In a letter sent to UNESCO Director General Irina Bokova, Education Minister Naftali Bennett accused the body of ignoring “thousands of years of Jewish ties to Jerusalem” and aiding “Islamist terror”.
“I have notified the Israel National Commission for UNESCO to suspend all professional activities with the international organisation,” he said.
The resolutions refer to “Occupied Palestine” and aim to “safeguard the Palestinian cultural heritage and the distinctive character of East Jerusalem”, according to a text seen by AFP.
Israel is referred to throughout as the “occupying power”.
The terms are the same as those used in a resolution mid-April by UNESCO’s Executive Board.
On that occasion, Israeli Prime Minister Benjamin Netanyahu slammed the resolution as “yet another absurd UN decision” that “ignores the unique historic connection of Judaism to the Temple Mount” by referring to the site by its Arabic name, the Al-Aqsa mosque compound.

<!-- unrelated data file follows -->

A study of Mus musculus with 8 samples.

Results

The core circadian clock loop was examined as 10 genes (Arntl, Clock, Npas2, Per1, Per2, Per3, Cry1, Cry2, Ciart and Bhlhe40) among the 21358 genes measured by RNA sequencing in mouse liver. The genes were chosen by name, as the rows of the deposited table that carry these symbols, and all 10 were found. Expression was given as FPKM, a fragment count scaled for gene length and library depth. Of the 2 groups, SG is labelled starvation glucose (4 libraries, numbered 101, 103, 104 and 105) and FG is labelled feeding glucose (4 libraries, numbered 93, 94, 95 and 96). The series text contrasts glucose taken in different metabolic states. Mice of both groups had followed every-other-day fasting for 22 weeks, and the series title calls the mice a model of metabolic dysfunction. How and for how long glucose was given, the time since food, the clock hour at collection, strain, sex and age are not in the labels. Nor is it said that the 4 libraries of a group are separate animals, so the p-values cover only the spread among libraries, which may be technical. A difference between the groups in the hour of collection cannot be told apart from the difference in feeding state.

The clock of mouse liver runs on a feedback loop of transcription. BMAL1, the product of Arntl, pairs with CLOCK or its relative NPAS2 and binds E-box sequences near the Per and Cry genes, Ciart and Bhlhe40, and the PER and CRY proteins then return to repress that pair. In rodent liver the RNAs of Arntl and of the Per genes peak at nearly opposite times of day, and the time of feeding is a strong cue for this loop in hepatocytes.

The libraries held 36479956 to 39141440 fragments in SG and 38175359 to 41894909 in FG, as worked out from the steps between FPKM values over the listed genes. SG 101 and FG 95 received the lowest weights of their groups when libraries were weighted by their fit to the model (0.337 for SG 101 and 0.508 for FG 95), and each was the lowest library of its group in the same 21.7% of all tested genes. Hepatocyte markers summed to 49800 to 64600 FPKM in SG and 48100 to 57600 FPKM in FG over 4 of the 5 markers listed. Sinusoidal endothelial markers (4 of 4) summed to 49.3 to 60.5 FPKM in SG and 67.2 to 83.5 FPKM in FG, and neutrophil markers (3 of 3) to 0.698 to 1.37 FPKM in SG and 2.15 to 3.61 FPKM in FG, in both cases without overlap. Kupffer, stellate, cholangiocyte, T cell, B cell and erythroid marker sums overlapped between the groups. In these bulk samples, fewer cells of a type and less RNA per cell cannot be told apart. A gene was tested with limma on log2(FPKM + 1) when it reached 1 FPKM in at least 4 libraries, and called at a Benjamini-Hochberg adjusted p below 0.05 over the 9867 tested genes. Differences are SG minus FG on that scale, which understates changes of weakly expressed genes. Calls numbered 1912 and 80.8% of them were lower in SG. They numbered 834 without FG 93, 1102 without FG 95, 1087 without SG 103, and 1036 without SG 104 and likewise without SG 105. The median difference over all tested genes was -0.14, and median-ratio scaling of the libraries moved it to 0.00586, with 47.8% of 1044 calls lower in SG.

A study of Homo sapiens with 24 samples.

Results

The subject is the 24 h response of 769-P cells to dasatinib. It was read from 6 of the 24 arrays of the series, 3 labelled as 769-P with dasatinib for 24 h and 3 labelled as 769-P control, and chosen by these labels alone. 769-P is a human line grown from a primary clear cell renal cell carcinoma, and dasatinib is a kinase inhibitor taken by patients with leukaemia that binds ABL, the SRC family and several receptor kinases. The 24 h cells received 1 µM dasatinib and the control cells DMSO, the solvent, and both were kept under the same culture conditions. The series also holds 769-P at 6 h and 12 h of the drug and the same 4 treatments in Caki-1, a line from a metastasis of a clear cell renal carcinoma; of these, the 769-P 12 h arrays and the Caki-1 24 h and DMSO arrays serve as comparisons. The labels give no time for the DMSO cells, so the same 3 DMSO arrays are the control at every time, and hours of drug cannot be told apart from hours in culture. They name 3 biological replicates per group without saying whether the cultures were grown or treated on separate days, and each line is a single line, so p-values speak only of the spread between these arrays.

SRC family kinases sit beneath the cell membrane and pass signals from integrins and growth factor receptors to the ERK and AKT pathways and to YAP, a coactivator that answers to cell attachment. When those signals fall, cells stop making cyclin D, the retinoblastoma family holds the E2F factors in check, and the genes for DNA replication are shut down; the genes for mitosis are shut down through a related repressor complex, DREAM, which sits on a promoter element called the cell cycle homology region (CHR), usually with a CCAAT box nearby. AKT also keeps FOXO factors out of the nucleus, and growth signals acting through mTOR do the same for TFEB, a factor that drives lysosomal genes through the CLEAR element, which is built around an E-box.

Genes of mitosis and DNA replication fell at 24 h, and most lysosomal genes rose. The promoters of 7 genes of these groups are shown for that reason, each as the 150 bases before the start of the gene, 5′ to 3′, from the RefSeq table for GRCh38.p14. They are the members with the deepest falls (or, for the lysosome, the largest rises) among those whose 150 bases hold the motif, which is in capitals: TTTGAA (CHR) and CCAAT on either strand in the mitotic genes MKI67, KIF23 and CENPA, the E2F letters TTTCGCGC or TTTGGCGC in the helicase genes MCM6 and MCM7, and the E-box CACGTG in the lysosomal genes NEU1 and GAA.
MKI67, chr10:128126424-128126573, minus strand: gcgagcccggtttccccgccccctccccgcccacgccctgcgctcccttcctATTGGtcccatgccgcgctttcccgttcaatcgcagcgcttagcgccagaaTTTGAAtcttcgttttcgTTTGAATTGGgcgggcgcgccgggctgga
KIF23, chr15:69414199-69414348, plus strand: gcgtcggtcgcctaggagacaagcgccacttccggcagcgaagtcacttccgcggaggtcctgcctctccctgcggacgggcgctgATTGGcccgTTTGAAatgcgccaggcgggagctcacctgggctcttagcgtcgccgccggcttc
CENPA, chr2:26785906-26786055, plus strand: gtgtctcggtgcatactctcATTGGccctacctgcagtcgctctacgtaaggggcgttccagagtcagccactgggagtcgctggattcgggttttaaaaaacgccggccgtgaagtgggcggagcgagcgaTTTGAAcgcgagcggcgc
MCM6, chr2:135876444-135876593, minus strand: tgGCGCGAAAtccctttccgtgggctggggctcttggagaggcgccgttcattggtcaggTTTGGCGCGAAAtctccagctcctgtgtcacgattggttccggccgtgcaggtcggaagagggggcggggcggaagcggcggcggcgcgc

However, a Palestinian diplomatic source said the new resolutions submitted refer to the “importance of Jerusalem’s Old City and its walls for the three monotheistic religions”.
France, which was strongly criticised by Israel for supporting the controversial resolution in April, abstained on Thursday.
The Temple Mount, or Al-Aqsa compound, in east Jerusalem, which was taken by Israel in the 1967 Six-Day War and later annexed in a move not recognised internationally, has long been a flashpoint in the conflict between Israelis and Palestinians.